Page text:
Translated from the Pali by Nyanaponika Thera
“In the case of pleasant feelings, O monks, the underlying tendency  to lust should be given up; in the case of painful feelings, the underlying tendency to resistance (aversion) should be given up; in the case of neither-painful-nor-pleasant feelings, the underlying tendency to ignorance should be given up.
“If a monk has given up the tendency to lust in regard to pleasant feeling, the tendency to resistance in regard to painful feelings, and the tendency to ignorance in regard to neither-painful-nor-pleasant feelings, then he is called one who is free of unwholesome tendencies, one who has the right outlook. He has cut off craving, severed the fetters to future existence, and through the full penetration of conceit,  he has made an end of suffering.”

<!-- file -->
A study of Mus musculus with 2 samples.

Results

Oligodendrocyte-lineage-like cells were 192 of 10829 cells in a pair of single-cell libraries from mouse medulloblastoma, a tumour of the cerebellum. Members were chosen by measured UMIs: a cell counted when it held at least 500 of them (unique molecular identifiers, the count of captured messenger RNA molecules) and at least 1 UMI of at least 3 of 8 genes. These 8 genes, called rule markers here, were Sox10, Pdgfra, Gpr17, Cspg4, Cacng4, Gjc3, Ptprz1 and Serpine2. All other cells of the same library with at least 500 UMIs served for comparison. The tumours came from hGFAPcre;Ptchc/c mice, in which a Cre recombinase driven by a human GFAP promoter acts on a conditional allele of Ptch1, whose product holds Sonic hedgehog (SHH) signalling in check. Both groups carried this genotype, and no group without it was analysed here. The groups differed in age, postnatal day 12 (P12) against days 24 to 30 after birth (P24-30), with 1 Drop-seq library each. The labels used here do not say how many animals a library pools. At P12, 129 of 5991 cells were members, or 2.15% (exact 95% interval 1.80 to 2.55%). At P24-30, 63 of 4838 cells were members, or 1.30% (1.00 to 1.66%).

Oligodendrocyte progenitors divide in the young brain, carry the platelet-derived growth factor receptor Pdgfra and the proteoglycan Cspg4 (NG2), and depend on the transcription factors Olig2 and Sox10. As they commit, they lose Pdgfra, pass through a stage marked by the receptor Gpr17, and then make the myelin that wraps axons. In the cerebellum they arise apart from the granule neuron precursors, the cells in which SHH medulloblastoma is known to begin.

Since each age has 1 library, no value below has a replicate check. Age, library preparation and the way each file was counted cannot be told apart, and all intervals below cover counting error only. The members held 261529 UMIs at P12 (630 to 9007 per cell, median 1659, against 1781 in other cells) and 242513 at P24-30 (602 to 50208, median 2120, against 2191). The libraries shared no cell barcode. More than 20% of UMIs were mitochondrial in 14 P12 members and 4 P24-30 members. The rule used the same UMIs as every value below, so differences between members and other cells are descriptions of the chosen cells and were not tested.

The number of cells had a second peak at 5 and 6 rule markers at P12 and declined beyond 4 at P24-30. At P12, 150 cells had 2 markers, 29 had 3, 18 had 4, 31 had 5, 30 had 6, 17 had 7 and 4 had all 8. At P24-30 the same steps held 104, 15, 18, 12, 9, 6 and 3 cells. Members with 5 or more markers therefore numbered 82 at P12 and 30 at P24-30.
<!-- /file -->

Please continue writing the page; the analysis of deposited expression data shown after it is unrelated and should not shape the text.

If one feels joy, but knows not feeling’s nature,
bent towards greed, he will not find deliverance.
If one feels pain, but knows not feeling’s nature,
bent toward hate, he will not find deliverance.
And even neutral feeling which as peaceful
the Lord of Wisdom has proclaimed,
if, in attachment, he should cling to it,
he will not be free from the round of ill.
And having done so, in this very life
will be free from cankers, free from taints.
Mature in knowledge, firm in Dhamma’s ways,
when once his life span ends, his body breaks,
all measure and concept he has transcended.
[2.] “Conceit” refers in particular to self-conceit (asmi-mano), i.e., personality belief, on both the intellectual and the emotional levels.